August 26, 2012
Part of teaching children responsibility is teaching them to think about the impact their decisions and actions will have for themselves and others. This can include allowing your child to pick out his own outfit for school, to discuss the pros and cons of dinner choices or to pack his own suitcase for a family trip.
Opening the door to making choices means you’ll need to guide and channel your child’s natural desire for independence in a constructive way. Preschoolers are still in the process of learning about making and breaking promises, commitments and consequences. Responsibility is an abstract concept that can’t be explained with a single example. Children come to an understanding of what it means by watching and listening to their parents and other significant role models in their lives.
Children also learn about responsibility by being given developmentally appropriate duties to fulfill like helping set the table for dinner, putting away toys and keeping a bedroom clean. Empowering your child to make his own decisions at an early age can foster independence, self-esteem and problem-solving skills that will be very beneficial in later years! Dr. Mary Zurn, vice president of education for Primrose Schools, suggests the following tips for teaching children to practice responsibility and make decisions for their own lives:
StrongSimplify the process. Offer a limited number of realistic choices by adding a little helpful information at the same time: “It’s very cold outside today. Would you rather wear your red sweater or your blue jacket?” By offering fewer options along with why those options are the ones to choose from, you and your child can share control of the end result.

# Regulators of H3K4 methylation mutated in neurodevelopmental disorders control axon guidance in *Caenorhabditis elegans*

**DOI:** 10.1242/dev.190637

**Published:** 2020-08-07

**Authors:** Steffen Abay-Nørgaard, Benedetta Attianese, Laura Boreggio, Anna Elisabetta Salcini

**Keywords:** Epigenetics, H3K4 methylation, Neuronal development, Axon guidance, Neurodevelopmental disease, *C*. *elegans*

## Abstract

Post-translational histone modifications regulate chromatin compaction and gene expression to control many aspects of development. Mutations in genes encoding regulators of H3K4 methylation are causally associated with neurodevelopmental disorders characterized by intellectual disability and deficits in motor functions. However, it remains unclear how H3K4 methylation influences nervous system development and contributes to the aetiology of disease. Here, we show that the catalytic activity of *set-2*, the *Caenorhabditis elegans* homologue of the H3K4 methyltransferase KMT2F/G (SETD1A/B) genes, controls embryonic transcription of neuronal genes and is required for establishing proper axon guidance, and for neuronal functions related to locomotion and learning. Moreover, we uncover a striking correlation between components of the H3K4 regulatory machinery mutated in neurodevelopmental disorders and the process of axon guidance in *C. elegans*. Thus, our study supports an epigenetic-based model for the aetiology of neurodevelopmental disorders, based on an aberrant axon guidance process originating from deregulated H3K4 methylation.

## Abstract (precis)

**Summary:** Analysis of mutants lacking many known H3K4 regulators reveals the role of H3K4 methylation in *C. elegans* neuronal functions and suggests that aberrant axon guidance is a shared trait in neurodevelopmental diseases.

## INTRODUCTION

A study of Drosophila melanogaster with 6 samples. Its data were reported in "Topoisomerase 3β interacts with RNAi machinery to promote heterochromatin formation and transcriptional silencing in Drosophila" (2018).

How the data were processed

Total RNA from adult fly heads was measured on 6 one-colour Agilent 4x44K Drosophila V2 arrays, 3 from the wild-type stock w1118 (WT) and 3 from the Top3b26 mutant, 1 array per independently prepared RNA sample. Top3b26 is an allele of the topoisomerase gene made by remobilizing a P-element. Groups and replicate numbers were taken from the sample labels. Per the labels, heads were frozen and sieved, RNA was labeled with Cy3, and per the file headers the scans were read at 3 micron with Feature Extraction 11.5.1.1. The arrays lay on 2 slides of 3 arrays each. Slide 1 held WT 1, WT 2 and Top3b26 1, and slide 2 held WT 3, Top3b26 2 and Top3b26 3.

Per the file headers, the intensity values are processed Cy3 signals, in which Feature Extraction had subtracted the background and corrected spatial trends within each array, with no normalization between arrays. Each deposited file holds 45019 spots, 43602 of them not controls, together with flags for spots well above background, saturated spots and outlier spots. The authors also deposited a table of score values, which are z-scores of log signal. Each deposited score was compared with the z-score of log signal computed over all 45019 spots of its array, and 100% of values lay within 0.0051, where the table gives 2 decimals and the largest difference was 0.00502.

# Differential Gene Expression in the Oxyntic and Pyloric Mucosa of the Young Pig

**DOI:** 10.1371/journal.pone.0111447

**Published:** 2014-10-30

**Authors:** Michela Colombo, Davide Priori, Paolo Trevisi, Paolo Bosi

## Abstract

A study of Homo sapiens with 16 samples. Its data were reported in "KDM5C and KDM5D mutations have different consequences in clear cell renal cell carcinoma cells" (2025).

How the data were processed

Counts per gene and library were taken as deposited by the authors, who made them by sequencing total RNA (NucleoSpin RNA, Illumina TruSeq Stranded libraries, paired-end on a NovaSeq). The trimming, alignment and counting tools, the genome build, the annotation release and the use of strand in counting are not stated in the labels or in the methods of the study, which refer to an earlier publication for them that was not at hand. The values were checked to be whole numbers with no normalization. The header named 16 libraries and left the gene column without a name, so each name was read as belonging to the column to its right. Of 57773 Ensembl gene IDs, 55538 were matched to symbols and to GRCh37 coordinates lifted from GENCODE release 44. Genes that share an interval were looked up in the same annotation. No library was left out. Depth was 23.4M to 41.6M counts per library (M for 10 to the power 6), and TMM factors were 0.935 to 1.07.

StrongOffer age-appropriate choices. Be sure to take your child’s age and developmental level into consideration when asking him to make decisions. Young children can have difficulty thinking beyond the moment when asked to respond to open-ended questions. For example, if you ask your child what he wants to eat for dinner, he may respond with “ice cream” because that is his favorite food. But by offering a choice—pasta or chicken—you are offering two healthy options.
StrongValidate your child’s choice. Once your child has made a decision, validate it with a genuine response: “I’m glad you chose this book. It’s one of my favorites, too. It has such pretty pictures!” By affirming your child’s decision, you build his confidence to make future decisions.
StrongEstablish expectations. As adults, we know we don’t always end up making the “best” or “right” decision, and it’s important to share this with your child. Let him know it is okay to ask for help and that it’s fine if things don’t turn out as expected. Your child should feel comfortable asking for support and not worried about failing.
StrongGuide your child through the decision-making process. This is a great way to actively engage your child in what it means to make decisions. Think out loud with her by discussing the options. Your child can learn a lot by making a mistake or wishing she had made a different choice! For example, if your child asks to take multiple toys outside, you can respond with, “Try it and let me know how it works. That way you will know whether or not to take both outside next time.”